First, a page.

The temperature and velocity fields of a fully pulsed axisymmetric heated air jet have been investigated to determine its heat and mass transfer characteristics. Measurements were made using hot-wire anemometry, cold-wire resistance thermometers and laser Doppler anemometry (LDA). New techniques for hot- and cold-wire anemometry were developed and consideration was given to errors associated with LDA when used with high shift frequencies. Both the unheated and heated pulsed jets were simulated using the k-ε turbulence model.
The commercial partial differential equation solver PHOENICS was used to simulate the fully pulsed jet together with the k-ε turbulence model. Many of the features of the pulsed jet which were observed experimentally were simulated successfully at least qualitatively. These include flow reversal near the edge of the jet, increased entrainment when compared with steady jets and large radial outflow near the leading edge of the pulse and radial inflow near the edge of the jet. The results showed that the pulsed component dominated up to about x/d = 50. Transition from pulsed jet to steady jet behaviour shown experimentally by a kink in the axial velocity decay curve could not be reproduced by the simulation.
When (LDA) is used in a flow such as the pulsed jet where one velocity component is much larger than the other components, high shift frequencies are required in order to avoid fringe bias. This can lead to significant errors in the small velocity components if the timing of the burst envelope generated in the signal processor is incorrect. Tests with signal generators and in a steady jet flow showed that the LDA processors used for the present work had a timing error of approximately half a clock count. This error could be corrected either by software corrections to the resultant velocities or by a hardware adjustment to the processors.
An investigation was also made into the response of inclined hot-wires to fluid temperature changes over a range of incident angles. The change of the wire voltage with fluid temperature was found to be a function of only the effective cooling velocity, allowing implementation of a simple temperature compensation technique suitable for both analogue and digital data processing.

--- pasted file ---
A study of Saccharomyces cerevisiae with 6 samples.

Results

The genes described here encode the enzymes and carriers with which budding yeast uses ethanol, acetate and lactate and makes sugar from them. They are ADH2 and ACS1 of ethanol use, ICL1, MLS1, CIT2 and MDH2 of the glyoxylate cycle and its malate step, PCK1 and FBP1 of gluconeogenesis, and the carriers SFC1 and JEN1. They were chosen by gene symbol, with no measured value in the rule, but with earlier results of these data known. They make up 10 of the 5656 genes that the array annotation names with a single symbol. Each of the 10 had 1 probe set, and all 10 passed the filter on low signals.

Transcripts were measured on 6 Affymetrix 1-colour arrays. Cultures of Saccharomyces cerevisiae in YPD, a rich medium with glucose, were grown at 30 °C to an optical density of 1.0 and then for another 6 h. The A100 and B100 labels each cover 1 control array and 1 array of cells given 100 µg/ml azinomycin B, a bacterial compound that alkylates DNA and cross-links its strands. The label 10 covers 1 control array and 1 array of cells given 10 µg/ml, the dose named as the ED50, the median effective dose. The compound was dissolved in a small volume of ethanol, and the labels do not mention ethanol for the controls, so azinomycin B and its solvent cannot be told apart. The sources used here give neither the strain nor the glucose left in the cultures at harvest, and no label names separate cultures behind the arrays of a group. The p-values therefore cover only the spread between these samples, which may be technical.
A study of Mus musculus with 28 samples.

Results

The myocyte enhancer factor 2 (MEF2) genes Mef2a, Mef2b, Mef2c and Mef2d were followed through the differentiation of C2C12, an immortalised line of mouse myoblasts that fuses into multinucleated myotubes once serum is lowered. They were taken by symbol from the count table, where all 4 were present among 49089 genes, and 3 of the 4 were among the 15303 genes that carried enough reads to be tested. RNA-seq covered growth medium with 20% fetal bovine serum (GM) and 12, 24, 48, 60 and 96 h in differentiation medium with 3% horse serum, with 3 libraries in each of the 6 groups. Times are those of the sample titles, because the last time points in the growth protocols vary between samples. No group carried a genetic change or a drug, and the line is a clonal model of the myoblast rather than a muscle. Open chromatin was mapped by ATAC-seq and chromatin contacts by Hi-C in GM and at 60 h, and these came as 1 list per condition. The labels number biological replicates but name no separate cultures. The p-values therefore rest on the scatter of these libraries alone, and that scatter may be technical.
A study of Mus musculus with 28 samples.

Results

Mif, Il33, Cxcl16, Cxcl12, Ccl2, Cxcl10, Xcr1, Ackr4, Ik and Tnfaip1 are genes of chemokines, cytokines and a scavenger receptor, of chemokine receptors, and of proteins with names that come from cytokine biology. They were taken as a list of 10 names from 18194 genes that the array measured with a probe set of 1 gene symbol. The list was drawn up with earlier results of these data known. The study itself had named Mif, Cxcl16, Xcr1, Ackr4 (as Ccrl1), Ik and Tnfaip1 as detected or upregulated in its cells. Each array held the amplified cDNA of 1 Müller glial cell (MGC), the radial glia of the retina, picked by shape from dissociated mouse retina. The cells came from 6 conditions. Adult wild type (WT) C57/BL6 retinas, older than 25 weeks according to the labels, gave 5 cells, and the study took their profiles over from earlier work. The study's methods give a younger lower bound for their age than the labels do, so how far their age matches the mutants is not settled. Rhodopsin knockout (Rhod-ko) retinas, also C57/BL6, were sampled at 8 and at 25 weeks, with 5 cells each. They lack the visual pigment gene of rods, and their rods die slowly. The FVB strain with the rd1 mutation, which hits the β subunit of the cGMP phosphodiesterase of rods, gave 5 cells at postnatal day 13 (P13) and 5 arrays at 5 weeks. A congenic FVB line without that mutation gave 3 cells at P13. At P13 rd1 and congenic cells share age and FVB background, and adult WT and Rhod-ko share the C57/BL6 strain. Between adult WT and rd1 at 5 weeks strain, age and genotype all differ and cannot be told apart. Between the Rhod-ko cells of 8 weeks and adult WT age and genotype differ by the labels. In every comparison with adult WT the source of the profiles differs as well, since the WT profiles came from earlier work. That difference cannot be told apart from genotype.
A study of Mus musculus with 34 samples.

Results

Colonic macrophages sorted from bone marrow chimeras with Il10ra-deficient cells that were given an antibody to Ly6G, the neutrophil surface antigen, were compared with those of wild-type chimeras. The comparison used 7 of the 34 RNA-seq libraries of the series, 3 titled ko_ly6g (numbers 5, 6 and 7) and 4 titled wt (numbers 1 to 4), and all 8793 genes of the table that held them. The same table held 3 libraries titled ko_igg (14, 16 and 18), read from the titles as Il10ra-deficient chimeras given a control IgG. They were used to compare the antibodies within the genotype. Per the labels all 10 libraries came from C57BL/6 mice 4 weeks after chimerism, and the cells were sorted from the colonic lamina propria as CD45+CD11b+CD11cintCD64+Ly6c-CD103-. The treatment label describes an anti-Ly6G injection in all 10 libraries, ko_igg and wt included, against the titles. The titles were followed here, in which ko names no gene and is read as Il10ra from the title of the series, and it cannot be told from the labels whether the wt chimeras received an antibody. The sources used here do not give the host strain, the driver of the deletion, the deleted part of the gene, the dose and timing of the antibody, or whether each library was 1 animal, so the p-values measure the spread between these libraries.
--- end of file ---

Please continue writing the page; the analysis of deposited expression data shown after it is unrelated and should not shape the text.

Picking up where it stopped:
Open-loop compensation using a zero-pole network is often used to extend the frequency response of cold-wire resistance thermometers. For periodic flows such as the pulsed jet, the time constant of the wire changes significantly throughout the cycle and hence a novel velocity dependent system where the time constant of the compensator matches that of the wire was developed.
A locally developed calibration interpolation technique for X-array hot-wire probes was extended and modified for X-probes with 120° between the wires. When used in an unheated fully pulsed jet the large reversed flow and contamination by the azimuthal velocity component led to the Reynolds shear stress and the radial component of the velocity fluctuation significantly lower than those obtained with the LDA.
Pulsed jet temperature field results showed domination by the pulsed component up to x/d = 50 to 60 as reported previously for the axial velocity. Simultaneous measurements of axial velocity and temperature with a two-wire probe showed that the velocity-temperature covariance, u̅δ̅ contained a significant proportion of the axial heat flux. From these data, calculations also showed that the v̅δ̅ covariance was significantly higher than for steady jets. The turbulent Prandtl number was calculated to be in the range 0.6 - 0.7 for the inner part of the jet.